Exhibited: Hong Kong Museum of Art, MarchJune 1994 National Museum, Singapore, November 1994February 1995
Commentary This is of a similar range of material to Sale 2, lot 127, of the colour known today as 'yellow' jade and by Zhao Zhiqian in the 1860s as 'yellow steamed-chestnut'. We also know, from the inscription on the imperial snuff bottle, Treasury 1, no. 112, that the Qianlong emperor himself referred to an even more greenish-tinged jade as yellow.
The extensive hollowing of this bottle seems to give the surface a delightful translucency, revealing the minutely flecked, fibrous appearance of the material. It fits comfortably into the range of super-hollowed bottles, many of which have a wide mouth. It is certainly as elegant and perfect an oval bottle as is known.
The popularity of yellow nephrite in imperial circles, which is evident during the Qing period but may have existed earlier, presumably reflects a desire to find in this most valued of Chinese materials a close and entirely natural equivalent to the imperial colour. The symbolic meaning of nature producing its most valued stone within the Chinese aesthetic to match the colour reserved for the use of the emperor would have been irresistible.
The grouping and dating of plain stone bottles is extremely difficult. A bottle like this could have been made at any time during the eighteenth or early nineteenth century, and even, as an exception, at a later date, although this is unlikely. It probably dates from the Qianlong period, and perhaps from after the introduction of massive amounts of raw material from Turkestan from 1759 onwards, but the Qianlong impetus in jade carving apparently continued well into the early nineteenth century. As yet we know too little about this fascinating period in snuff-bottle history to exercise much confidence in accurately dating any but a few exceptional bottles to within a decade or two, let alone plain ones such as this.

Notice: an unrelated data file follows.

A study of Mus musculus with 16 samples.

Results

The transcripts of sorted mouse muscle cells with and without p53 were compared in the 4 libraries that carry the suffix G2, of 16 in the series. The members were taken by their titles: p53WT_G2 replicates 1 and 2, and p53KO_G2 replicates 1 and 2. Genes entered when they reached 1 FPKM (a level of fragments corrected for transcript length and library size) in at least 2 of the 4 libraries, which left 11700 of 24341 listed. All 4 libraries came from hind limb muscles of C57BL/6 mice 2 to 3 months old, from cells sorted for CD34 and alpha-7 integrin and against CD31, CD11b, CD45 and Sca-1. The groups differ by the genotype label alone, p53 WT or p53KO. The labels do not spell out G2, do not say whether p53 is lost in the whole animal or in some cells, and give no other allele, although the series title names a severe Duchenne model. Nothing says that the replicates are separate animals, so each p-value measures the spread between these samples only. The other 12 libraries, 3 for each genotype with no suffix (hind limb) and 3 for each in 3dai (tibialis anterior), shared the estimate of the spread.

We have frequently spoken about formal integrity. The term refers to the degree of perfection achieved in the basic form of a bottle. If the chosen shape is perfectly symmetrical, evenly balanced, and with flowing lines where nothing interrupts the visual delight of pure form, then it is of perfect formal integrity. If it has one shoulder higher than the other, a neck slightly to one side, one side-profile different from the other, or an unbalanced foot, then the formal integrity is flawed, and the form visually less impressive, unless, of course, it is asymmetrical by choice, for artistic purposes. Poor formal integrity in a bottle that sets out to be a symmetrical formal statement as sculpture in the first place is a reflection of a lack of skill and commitment on the part of the carver, and on a plain bottle in particular it considerably diminishes the work of art. This perfection of formal integrity was obviously very important to the lapidary where form was the principal sculptural language, as it is with all plain bottles. The importance of this quality to the lapidary is demonstrated here. There is, low on one narrow side, a horizontal incision that survives from the initial process of roughly forming the shape of the bottle. The lapidary cut just a trifle too deeply in one area. It is far too precise to be an accidental incision, and too deep and confident to be a later scratch. By polishing down that area by less than half a millimetre it could have been removed entirely, but that would have fractionally spoiled the perfect formal integrity of the bottle, and that was obviously not an option in a bottle where formal integrity was paramount.